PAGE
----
Due to the continuing effects of anthropogenic climate change, alternative energy resources have become increasingly more critical. Wind power has rightfully earned its place at the forefront of the collective discussion. One of the most important questions concerning wind power is its long term ability to effect change in the way we use energy. Equally important is whether economically that investment will pay off.
When discussing renewable’s and especially wind energy, there is an increasingly large amount of information and debate surrounding the topic. This can become incredibly confusing for those attempting to gain clarity about the realities of wind power. Overall, the United Kingdom is considered to be on the forefront of cost effectiveness when it comes to wind power, but how much does it actually cost to build a wind-farm? How long does it take for that investment to pay itself off? These are questions to which the answers are still somewhat disputed, and for good reason.
Currently in the United Kingdom, nearly 5,000 wind turbines exist creating the capacity for over 10 gigawatt’s of power. There has been a sizeable contention throughout Great Britain concerning this growth in wind farms and the extent of positive impact they are economically creating nationally. Being the current leader in wind generated power worldwide, the UK has become an example to turn to for the provisional world-wide entrance into green energy sources.
When looking at the overall investment and payback of a wind farm, one must first understand the costs involved in building and maintaining one. Things like initial construction are an immediate consideration, however maintenance, including the transportation of parts, site operation, and the decommissioning of the site must have equal attention. In the case of Wind farms, the evidence overwhelmingly suggests that the costs are worth the results: the average wind farm can be expected to generate 20-25 times the energy required to manufacture and maintain it over it’s lifetime. This comparably favours wind energy to other sources–coal returns about 8 times its investment, and nuclear energy about 9 times. Studies show that over time, wind power is clearly a better option.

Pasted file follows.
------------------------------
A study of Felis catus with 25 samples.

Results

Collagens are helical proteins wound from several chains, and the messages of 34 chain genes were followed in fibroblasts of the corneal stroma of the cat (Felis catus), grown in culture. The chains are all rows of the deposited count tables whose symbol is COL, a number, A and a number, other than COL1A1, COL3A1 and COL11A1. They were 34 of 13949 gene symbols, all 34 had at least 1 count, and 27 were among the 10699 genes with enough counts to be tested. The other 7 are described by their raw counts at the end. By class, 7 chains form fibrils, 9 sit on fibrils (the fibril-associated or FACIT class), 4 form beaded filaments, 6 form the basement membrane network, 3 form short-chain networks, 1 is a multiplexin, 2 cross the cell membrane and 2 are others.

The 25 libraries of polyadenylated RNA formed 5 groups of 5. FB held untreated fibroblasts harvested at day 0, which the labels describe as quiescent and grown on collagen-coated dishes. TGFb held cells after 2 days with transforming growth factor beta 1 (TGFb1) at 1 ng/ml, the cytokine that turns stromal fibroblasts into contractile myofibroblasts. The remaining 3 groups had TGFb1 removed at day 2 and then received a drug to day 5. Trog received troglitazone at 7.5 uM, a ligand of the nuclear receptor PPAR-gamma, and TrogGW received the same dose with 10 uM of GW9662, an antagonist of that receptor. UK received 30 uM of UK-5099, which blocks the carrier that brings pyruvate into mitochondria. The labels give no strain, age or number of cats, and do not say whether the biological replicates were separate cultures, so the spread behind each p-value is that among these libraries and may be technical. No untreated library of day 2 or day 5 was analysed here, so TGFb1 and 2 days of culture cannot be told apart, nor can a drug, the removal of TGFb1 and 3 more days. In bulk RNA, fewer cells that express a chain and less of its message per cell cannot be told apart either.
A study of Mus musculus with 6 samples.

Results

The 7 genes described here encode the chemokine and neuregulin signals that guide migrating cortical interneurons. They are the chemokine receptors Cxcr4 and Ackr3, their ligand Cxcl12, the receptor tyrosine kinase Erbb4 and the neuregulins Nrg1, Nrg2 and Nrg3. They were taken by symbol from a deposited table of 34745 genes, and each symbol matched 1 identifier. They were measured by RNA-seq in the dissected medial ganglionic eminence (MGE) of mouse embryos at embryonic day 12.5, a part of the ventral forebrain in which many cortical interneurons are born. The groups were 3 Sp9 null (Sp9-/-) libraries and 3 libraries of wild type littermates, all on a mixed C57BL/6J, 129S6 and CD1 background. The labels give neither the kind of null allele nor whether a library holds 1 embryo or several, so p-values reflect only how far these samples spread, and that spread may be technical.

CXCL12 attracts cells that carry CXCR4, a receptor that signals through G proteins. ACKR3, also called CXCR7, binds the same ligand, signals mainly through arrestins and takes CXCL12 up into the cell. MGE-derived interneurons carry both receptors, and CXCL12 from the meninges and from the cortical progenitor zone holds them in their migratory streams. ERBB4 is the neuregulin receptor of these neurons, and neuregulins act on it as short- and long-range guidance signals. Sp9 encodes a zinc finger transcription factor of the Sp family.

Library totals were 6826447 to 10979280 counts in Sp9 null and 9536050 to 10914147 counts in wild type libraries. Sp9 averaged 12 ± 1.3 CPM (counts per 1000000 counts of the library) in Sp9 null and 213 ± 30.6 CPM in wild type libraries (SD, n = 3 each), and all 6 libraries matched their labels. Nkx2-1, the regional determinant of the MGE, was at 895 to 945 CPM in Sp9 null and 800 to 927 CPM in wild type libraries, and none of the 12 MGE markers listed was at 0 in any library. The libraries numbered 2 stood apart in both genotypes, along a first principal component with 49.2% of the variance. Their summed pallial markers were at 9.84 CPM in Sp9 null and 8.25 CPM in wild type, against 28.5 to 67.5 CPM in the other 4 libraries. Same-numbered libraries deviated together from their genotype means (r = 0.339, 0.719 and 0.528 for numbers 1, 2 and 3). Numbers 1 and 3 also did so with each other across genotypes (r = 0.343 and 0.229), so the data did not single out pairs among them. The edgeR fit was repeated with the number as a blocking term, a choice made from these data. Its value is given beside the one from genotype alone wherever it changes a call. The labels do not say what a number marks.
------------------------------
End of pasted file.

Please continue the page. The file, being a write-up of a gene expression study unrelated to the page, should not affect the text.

A solid conclusion on when the investment into a wind farm will return itself is a moderately difficult one to make. Wind power always involves the variable of wind itself. The amount of electricity produced by a wind turbine can fluctuate wildly over the course of years dependent upon air density, wind speeds, and the characteristics of the turbine construction itself, among many other factors. In addition these basic variables, human involvement must be given equal consideration. There are factors associated that are reliant on the growth of the industry. The costs connected could increase or plummet depending upon how much is invested into wind energy over time.
Reports describing how long it takes a wind farm to pay itself off can vary by incredible amounts. Some claims say as little as 6-8 months, while other estimates go all the way up to 10 or 12 years. Many of the previously discussed factors play a large part in the reasons for such a wide fluctuation. The most widely agreed upon number by researchers is around 8 years, including the decommissioning of the farm, if necessary.
Regardless of which type of energy is chosen to generate electricity, some amount of energy and capital will be needed for the construction and operation. The crucial aspect from an economic perspective is how the costs involved will compare with the output of the Wind Farm over it’s lifetime. If the input and output numbers become too close together, the investment will not be viable. In the case of Wind Farms, these requirements seem to be more than met.